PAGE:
Researchers Tried To Hack Drones, Found It Very Easy

And companies should make them more secure before they are more commonplace

Hacked drone makes a crash landing — Illustration: Vocativ
Jun 12, 2016 at 8:00 AM ET

Soon, you might have to worry about a hungry hacker stealing your drone-delivered pizza and delivering it to himself. New research shows that some unmanned aerial vehicles are almost as easy to hack as they are to fly.

Hobbyists and corporations alike are excited about drones, and their popularity has exploded—the Federal Aviation Administration estimates that 2.5 million of them will be sold in 2016 and last week Walmart announced it might soon use flying drones in its distribution centers. But researchers at Johns Hopkins feared that, like with many new connected gadgets and appliances, a rushed production schedule didn’t include the implementation of proper technological safeguards.

To see how vulnerable drones can be, two cyber security experts, along with five masters students, attempted to hack and crash a quadcopter. The researchers tried three different attacks on a Parrot Bebop, a popular video-recording drone that retails for $350. In the first test, they bombarded the system with requests to take over its command, eventually causing the system to shut down and the drone to fall to the ground. In the second, the students sent a large packet of data to the drone, which overwhelmed its system and again caused a crash. In the final technique, the researchers programmed their computer to impersonate the drone itself. The controller severed its connection with the real drone, which then made an emergency landing.

The John Hopkins team shared the results in a press release and plan on presenting their work at an upcoming conference. These vulnerabilities are important for companies because many, such as Amazon and Domino’s Pizza, are hoping to start delivering goods to consumers via drone. Hackers might be interested in attacking those drones in order to intercept the packages, or simply to steal consumers’ information.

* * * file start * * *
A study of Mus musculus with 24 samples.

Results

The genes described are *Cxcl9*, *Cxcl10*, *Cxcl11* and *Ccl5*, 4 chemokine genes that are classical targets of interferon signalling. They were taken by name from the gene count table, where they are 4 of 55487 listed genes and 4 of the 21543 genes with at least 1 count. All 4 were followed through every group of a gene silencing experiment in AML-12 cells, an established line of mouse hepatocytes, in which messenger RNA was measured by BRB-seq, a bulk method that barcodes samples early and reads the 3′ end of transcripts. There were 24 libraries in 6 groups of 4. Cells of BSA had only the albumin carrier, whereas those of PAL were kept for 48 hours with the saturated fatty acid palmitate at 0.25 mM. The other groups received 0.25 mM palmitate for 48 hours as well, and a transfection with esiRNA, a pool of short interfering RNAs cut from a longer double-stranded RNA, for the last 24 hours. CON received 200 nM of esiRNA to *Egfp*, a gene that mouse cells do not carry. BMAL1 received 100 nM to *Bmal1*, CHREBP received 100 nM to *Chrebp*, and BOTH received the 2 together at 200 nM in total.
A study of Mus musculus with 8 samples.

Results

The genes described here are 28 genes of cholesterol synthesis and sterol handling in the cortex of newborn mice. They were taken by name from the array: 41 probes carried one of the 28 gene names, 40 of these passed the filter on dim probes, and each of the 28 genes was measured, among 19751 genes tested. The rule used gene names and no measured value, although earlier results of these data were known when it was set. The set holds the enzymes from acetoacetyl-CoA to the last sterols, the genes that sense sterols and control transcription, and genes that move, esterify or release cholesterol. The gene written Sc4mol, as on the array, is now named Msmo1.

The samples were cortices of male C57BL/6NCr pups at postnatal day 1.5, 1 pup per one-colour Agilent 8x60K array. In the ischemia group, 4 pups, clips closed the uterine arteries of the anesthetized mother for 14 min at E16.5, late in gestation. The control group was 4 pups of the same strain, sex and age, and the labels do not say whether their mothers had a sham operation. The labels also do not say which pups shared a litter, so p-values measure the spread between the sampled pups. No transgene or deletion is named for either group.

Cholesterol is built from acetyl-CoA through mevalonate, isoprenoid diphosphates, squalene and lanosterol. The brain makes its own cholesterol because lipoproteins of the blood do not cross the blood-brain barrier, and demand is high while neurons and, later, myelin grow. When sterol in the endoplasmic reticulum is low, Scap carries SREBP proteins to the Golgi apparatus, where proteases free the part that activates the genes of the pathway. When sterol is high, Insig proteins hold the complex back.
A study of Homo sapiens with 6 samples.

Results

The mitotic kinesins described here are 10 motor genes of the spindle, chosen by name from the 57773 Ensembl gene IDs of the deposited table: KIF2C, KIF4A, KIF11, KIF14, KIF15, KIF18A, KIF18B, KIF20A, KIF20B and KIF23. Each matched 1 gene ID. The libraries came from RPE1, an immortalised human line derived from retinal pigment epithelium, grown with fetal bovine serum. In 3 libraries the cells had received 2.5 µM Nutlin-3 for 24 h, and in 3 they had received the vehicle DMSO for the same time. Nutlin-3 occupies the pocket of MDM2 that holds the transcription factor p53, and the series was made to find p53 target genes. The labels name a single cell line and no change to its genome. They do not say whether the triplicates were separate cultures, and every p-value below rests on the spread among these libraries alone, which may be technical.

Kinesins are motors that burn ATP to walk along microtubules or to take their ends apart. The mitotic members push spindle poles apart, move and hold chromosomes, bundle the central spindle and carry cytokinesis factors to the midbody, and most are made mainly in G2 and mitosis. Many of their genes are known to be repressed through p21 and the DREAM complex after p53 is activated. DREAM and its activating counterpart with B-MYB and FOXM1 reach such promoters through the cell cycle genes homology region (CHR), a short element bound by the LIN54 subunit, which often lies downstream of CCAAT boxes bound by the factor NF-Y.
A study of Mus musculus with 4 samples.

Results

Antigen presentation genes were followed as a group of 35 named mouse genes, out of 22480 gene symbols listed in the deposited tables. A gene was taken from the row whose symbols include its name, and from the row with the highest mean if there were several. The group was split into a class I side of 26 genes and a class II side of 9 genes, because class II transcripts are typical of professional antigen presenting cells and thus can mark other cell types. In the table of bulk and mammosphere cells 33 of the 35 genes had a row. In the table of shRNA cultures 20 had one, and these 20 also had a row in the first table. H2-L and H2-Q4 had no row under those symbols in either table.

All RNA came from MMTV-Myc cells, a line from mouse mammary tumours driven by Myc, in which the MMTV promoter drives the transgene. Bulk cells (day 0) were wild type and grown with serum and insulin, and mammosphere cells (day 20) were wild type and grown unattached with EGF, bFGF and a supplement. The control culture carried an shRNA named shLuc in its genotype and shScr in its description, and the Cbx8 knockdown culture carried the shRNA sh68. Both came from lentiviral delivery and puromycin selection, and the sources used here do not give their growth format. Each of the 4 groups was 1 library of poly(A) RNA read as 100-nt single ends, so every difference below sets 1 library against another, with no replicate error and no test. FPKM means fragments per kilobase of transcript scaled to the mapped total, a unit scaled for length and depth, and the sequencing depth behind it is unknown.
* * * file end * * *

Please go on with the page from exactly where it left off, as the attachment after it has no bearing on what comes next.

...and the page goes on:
But hobbyists, too, should be wary. “The fear for the average user is that pictures and videos taken by drones could be stolen, the drone itself could be hacked and stolen, or the drone could be hacked and hijacked and used as a weapon to injure a crowd, either from it falling from a high elevation or from the rotors causing bodily harm,” Lanier Watkins, a research scientist specializing in information security at Johns Hopkins and one of the scientists behind the project, told Vocativ in an email. 

For flaws this big, security updates to existing software probably won’t help, according to Watkins. Ideally, drone software would be more immune to hacks when it leaves the factory. Average users are more at the mercy of drone manufacturers to make sure that their systems can’t be hacked. But companies considering using drones can start the trend towards requiring stronger security for all kinds of drones. Watkins has a few recommendations for these companies to minimize the risk of drone hacks. First, companies should require their drone vendors to conduct security testing before selling the drone to them, he says.

Companies that are particularly wary can employ “white hat” hackers—those who can hack systems in order to reveal security flaws, not to steal information—to be more certain that their drones are as hack-proof as possible.

The John Hopkins researchers recently began testing higher-priced drones for vulnerabilities. They hope that their work will be a wake-up call to drone manufacturers, companies that use drones, and hobbyists.

So far, they don’t seem to be having much success. Earlier in the year, the team alerted Parrot of their findings, in accordance with university policy. The company has yet to respond.